Topeka Kansas officials launched a new, electronic system Monday designed to better track the sale pharmaceuticals used in making methamphetamine.
Attorney General Derek Schmidt and representatives of the Board of Pharmacy said the new system, the National Precursor Log Exchange, instantly records sales of nonprescription drugs containing pseudoephedrine — a key ingredient in meth.
It’s the latest tool in the state’s campaign to reduce the production and sale of meth. Participation in the system was enabled by legislation passed by lawmakers earlier this year.
“Kansas has a serious methamphetamine problem,” Schmidt said.
Kansas joins nearly a dozen states that operate the electronic tracking system, including Arkansas and Missouri.
Much of the effort has focused on retail sales of pseudoephedrine. The decongestant is found in many cold and allergy medicines, but it’s also a key ingredient in meth.
Kansas passed a law in 2005 limiting the quantity of such nonprescription remedies that people can buy at one time. The medicines are kept behind pharmacy counters, and buyers have to sign a special register.
Schmidt said that law, passed before a similar federal law, has reduced the number of clandestine meth labs seized by law enforcement. He said the numbers have dropped from as high as 850 lab seizures annually in the late 1990s to between 120 and 150 presently.
“We’re not just starting this conversation today,” Schmidt said, a former state senator who helped write the 2005 Kansas law. “This doesn’t change that law.”
The new system replaces the paper tracking where customers were required to sign a log at the counter when purchasing the drugs. There is no cost for pharmacies to join the system, the senator said, with the cost of the new software required being funded by pharmaceutical manufacturers.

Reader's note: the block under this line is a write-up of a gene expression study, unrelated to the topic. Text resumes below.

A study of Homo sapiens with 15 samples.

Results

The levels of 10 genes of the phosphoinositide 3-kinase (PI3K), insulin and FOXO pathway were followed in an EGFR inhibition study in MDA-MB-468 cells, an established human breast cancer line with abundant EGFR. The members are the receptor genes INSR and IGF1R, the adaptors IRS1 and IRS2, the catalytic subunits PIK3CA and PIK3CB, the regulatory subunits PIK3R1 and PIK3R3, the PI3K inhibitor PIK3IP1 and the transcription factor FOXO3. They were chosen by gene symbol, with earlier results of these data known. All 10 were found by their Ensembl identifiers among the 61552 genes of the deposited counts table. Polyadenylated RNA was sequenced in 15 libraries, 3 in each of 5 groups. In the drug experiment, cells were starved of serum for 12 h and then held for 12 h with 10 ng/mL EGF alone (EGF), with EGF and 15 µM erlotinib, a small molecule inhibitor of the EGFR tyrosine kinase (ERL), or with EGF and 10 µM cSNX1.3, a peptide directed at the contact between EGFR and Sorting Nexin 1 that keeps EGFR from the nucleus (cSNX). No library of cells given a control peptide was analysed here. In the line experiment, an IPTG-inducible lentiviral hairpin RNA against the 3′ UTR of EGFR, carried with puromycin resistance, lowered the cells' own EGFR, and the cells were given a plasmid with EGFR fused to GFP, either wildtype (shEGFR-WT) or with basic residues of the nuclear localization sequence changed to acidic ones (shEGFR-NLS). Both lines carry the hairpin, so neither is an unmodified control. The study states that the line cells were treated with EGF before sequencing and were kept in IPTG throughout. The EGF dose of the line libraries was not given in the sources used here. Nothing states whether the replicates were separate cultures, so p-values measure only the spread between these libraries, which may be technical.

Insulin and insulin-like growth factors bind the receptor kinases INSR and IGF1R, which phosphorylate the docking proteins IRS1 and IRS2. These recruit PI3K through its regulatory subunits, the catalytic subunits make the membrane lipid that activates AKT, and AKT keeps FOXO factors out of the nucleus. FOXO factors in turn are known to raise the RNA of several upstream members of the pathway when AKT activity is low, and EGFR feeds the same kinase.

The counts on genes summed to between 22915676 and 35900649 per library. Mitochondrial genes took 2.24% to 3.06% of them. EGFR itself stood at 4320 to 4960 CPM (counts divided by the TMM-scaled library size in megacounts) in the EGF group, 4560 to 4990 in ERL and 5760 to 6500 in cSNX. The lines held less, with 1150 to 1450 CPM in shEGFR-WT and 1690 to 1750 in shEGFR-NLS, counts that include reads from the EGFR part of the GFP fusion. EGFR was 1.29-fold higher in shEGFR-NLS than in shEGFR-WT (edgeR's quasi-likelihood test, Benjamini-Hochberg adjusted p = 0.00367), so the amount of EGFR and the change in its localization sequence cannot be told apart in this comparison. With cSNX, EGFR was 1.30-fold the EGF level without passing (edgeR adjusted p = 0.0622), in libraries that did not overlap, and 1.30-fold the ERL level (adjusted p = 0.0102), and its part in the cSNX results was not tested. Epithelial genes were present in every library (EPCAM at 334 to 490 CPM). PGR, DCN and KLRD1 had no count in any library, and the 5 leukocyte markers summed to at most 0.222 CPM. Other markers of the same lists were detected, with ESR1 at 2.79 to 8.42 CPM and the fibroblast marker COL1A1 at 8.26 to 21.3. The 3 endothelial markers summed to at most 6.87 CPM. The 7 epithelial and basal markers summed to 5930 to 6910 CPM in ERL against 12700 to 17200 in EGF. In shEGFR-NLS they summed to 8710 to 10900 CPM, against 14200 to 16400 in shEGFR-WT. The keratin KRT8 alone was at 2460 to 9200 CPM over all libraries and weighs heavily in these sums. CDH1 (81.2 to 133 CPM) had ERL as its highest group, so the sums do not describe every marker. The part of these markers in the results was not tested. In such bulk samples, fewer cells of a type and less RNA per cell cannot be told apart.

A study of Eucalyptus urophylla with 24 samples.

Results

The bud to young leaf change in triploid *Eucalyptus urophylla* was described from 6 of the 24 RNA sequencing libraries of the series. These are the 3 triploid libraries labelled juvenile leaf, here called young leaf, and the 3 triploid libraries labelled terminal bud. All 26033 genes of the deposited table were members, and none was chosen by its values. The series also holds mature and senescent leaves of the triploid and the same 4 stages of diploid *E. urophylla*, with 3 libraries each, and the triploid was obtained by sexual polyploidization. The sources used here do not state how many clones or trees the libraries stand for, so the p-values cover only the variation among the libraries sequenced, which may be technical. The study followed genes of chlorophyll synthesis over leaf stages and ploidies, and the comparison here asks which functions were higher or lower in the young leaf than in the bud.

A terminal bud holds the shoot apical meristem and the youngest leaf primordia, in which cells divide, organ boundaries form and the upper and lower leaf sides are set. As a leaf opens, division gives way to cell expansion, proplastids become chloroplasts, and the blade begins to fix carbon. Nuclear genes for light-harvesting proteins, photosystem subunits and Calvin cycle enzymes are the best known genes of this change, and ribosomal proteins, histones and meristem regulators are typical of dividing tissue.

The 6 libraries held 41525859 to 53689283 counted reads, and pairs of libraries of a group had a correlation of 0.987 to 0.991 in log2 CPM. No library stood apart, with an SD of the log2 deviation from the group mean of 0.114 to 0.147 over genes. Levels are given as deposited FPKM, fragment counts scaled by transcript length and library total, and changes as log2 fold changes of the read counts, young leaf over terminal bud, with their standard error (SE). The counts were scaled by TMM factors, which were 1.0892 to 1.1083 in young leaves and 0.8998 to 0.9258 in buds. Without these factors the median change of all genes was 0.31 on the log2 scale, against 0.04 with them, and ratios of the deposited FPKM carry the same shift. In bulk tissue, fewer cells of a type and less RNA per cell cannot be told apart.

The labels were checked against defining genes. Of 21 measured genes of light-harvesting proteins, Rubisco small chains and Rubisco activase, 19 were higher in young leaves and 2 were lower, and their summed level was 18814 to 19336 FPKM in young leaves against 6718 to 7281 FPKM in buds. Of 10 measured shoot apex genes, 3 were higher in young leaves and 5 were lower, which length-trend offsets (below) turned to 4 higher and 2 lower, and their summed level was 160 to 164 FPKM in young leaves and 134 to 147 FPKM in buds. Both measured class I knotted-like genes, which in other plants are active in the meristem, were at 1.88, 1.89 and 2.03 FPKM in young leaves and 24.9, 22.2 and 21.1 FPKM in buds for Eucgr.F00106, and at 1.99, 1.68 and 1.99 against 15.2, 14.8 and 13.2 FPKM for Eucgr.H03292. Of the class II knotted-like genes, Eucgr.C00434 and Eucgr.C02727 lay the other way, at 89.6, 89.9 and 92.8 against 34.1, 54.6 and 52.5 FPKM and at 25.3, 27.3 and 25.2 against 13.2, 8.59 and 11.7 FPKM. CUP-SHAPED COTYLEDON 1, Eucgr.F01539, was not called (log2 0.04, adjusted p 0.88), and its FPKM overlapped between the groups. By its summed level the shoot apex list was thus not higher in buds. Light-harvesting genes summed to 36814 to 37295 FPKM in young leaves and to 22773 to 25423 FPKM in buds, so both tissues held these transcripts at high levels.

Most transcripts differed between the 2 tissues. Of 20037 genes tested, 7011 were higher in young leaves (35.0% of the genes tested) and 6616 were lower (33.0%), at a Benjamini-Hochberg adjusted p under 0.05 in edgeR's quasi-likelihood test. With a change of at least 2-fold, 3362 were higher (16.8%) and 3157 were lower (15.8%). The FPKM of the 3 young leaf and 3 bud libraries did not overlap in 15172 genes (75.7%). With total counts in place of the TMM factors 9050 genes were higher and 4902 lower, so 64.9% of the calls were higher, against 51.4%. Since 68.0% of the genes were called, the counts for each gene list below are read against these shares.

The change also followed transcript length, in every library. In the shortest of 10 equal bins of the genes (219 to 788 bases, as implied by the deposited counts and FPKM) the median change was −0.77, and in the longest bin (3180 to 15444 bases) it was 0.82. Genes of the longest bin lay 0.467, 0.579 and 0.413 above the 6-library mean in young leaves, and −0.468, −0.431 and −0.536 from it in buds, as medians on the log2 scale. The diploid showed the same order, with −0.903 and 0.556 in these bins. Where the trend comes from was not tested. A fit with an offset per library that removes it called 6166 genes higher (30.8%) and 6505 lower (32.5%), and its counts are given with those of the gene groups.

“We expect 100 percent participation,” said David Schoech, a Columbus pharmacist and member of the state board.
He said pharmacies could opt out, but then would have to either stop selling the medications entirely or require a prescription from a physician.
Sen. Vicki Schmidt, a Topeka Republican and pharmacist, said the new system will block those who abused the paper system by going from location to location to purchase the products to avoid the 9 gram limits per month at each store.
“It is the culmination of four years of work that will help track the sales of these methamphetamine precursor drugs,” she said.
The senator said some states, including Kansas, are considering passing a law requiring a prescription to purchase pseudoephedrine products. Oregon and Mississippi recently passed such laws. Pharmacists and law enforcement will know if someone has already purchased their limit for the month in any of the participating states and instantly block the sale.
The attorney general said the new system saves time for law enforcement that otherwise would have to go from pharmacy to pharmacy to gather the paper logs and enter the information in a database. The information will now be available instantly for routine checks and follow-up investigations.